Michael Miller


August 24, 2021



In increased frequency, we see headlines in the news about greenhouse gas emissions and animal agriculture. Methane is one of the main greenhouse gases of concern. Cows produce methane from fermentation in the rumen, also called enteric methane. There is a push to reduce methane production from cows to help with climate change.


Another benefit of reducing enteric methane production is increasing rumen efficiency, as energy is lost when methane is produced in the rumen. There is a lot of information about additives that help reduce methane from ruminal fermentation, which is an exciting field to study. However, we can reduce methane using forages, in particular, highly digestible forages.


Forages are the main component of the dairy cow diet, and to achieve high milk production, the quality of the forages needs to be high. Fiber is the main constituent of forages and is quantified by neutral detergent fiber (NDF). This can be further broken down into potentially digestible (pdNDF) and indigestible NDF (iNDF). Some forages have gene mutations that allow for greater fiber digestibility and lower iNDF, such as brown midrib (BMR) corn silage and low-lignin alfalfa. An article from the Journal of Dairy Science investigated the effects of feeding conventional (CONV) corn silage or BMR corn silage to dairy cows on intake, milk yield and enteric methane emissions. They reported that cows fed BMR corn silage consumed more dry matter and produced more energy-corrected milk (ECM) than cows fed CONV corn silage. Cows fed BMR corn silage also produced less methane when expressed as gram per kilogram of dry matter intake (DMI) compared to cows fed CONV corn silage. Cows were able to utilize more of the corn silage and produce less methane.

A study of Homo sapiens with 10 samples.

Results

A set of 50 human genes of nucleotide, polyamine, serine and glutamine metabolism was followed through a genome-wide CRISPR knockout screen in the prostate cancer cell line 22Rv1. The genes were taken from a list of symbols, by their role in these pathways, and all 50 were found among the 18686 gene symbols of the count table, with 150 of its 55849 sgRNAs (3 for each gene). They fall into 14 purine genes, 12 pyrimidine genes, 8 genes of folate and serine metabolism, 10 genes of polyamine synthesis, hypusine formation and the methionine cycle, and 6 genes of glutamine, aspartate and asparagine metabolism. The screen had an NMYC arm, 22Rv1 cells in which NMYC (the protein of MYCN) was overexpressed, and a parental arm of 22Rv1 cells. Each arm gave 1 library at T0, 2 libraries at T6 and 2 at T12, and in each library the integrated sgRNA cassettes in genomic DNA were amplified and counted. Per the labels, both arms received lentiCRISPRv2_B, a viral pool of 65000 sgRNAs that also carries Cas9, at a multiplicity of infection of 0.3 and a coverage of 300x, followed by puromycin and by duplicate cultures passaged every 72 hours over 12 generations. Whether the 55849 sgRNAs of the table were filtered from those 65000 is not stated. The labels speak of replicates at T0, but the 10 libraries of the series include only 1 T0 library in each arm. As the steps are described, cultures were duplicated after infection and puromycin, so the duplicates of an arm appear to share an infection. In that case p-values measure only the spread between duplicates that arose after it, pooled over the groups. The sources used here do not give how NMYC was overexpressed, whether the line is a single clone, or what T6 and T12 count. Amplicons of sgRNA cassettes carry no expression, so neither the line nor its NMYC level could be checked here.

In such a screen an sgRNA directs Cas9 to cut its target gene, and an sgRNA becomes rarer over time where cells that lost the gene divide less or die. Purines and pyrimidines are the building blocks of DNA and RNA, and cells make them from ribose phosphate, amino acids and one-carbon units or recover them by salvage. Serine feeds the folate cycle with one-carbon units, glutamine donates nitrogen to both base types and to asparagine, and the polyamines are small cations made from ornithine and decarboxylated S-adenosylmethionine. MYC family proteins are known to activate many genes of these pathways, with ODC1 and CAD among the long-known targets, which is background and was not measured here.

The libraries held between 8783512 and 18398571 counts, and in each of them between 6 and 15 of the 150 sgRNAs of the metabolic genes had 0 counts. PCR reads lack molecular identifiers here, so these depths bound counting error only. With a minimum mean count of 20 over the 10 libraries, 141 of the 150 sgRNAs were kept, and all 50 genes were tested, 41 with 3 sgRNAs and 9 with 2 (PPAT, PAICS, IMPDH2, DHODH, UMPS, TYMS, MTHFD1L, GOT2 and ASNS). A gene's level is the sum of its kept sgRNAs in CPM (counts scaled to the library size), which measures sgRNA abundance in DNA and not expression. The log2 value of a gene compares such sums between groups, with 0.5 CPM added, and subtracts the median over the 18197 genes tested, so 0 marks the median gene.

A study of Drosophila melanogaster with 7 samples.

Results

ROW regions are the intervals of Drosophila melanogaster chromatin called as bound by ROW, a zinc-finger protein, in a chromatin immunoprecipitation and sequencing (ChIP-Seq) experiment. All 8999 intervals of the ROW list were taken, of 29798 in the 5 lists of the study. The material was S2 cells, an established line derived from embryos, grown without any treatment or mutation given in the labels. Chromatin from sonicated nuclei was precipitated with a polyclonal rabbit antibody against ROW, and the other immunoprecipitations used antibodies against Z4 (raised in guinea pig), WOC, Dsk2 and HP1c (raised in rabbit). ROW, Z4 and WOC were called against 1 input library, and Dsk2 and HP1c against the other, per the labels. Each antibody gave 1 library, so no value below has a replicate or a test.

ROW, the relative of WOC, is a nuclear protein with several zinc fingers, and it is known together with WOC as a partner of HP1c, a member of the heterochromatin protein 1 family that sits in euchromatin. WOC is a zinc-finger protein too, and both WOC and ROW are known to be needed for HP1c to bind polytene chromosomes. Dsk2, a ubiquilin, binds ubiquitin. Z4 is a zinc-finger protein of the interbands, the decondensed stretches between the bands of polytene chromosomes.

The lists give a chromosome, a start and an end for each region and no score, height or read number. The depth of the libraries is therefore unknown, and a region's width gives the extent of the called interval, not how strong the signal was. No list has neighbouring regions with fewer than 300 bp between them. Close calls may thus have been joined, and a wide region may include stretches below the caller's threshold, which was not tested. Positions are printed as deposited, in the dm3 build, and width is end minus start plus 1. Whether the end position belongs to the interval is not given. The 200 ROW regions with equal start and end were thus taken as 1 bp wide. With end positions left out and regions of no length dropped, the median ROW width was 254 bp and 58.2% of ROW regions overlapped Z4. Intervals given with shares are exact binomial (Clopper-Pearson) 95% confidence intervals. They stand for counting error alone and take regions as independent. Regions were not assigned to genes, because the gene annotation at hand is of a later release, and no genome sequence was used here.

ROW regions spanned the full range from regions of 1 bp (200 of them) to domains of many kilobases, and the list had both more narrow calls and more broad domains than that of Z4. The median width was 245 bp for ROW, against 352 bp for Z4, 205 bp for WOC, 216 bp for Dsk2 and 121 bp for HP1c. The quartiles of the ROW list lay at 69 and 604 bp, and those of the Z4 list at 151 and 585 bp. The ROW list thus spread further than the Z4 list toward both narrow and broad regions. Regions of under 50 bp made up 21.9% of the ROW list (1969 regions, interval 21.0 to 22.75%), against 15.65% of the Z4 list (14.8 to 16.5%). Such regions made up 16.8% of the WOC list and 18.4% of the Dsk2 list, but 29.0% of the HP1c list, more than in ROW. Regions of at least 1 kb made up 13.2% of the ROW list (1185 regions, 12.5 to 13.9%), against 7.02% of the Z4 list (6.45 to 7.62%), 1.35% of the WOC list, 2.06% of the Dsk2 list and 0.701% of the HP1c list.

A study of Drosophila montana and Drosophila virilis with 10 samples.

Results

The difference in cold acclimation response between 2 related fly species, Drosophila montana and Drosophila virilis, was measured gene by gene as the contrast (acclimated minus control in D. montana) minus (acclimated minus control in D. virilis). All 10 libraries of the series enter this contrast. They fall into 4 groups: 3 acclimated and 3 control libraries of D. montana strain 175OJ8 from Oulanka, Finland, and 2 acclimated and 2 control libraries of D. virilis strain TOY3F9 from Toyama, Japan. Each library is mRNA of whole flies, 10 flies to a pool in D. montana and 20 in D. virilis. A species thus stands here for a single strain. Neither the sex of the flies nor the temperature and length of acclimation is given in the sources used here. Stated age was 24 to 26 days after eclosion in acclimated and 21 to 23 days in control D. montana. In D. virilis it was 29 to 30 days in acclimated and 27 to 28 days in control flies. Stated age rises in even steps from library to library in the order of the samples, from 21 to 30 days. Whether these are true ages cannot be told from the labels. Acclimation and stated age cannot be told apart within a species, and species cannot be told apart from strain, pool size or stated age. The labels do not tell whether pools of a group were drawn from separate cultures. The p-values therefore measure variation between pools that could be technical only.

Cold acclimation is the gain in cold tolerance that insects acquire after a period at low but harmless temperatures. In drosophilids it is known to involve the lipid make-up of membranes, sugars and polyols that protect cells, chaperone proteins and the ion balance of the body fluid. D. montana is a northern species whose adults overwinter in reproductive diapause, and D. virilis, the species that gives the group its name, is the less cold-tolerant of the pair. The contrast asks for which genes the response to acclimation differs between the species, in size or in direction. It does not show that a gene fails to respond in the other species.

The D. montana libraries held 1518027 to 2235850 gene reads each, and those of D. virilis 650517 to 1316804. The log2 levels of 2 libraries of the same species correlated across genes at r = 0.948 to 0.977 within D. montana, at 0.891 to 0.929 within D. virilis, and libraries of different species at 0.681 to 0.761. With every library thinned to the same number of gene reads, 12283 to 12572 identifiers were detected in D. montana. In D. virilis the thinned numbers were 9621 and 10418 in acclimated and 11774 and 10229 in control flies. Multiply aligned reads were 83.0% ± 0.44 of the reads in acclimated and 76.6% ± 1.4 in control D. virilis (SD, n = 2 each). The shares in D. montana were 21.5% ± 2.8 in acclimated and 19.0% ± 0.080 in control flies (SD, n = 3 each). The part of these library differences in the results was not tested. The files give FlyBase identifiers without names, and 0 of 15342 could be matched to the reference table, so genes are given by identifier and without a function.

This study focused on corn silage, which leads one to question whether this fiber digestibility effect would also occur in grass silage. In an article from the Journal of Animal Feed Science and Technology, they reported that cows fed an early-cut grass silage (high fiber digestibility) had greater intakes and milk yields while also producing less methane, when expressed as liters per kilogram of DMI compared to cows fed a late-cut grass silage (lower fiber digestibility). So, forages with higher fiber digestibility and lower indigestible fiber allow the cow to better reach her genetic potential with greater intakes and milk production and less methane production.


Dairy farmers have been and will continue being stewards of the land to help conserve soil, as this gives them the ability to grow their own feed. As the fiber digestibility of those forages increases, cows will respond with greater intakes and milk yield while producing less methane. Another benefit of highly digestible forages is the ability to feed a high-forage diet that can support high production with less purchased feed cost. So, with these considerations, we can create a forage system for your dairy that can help save the dairy money while also saving the planet by reducing methane emissions from your cows.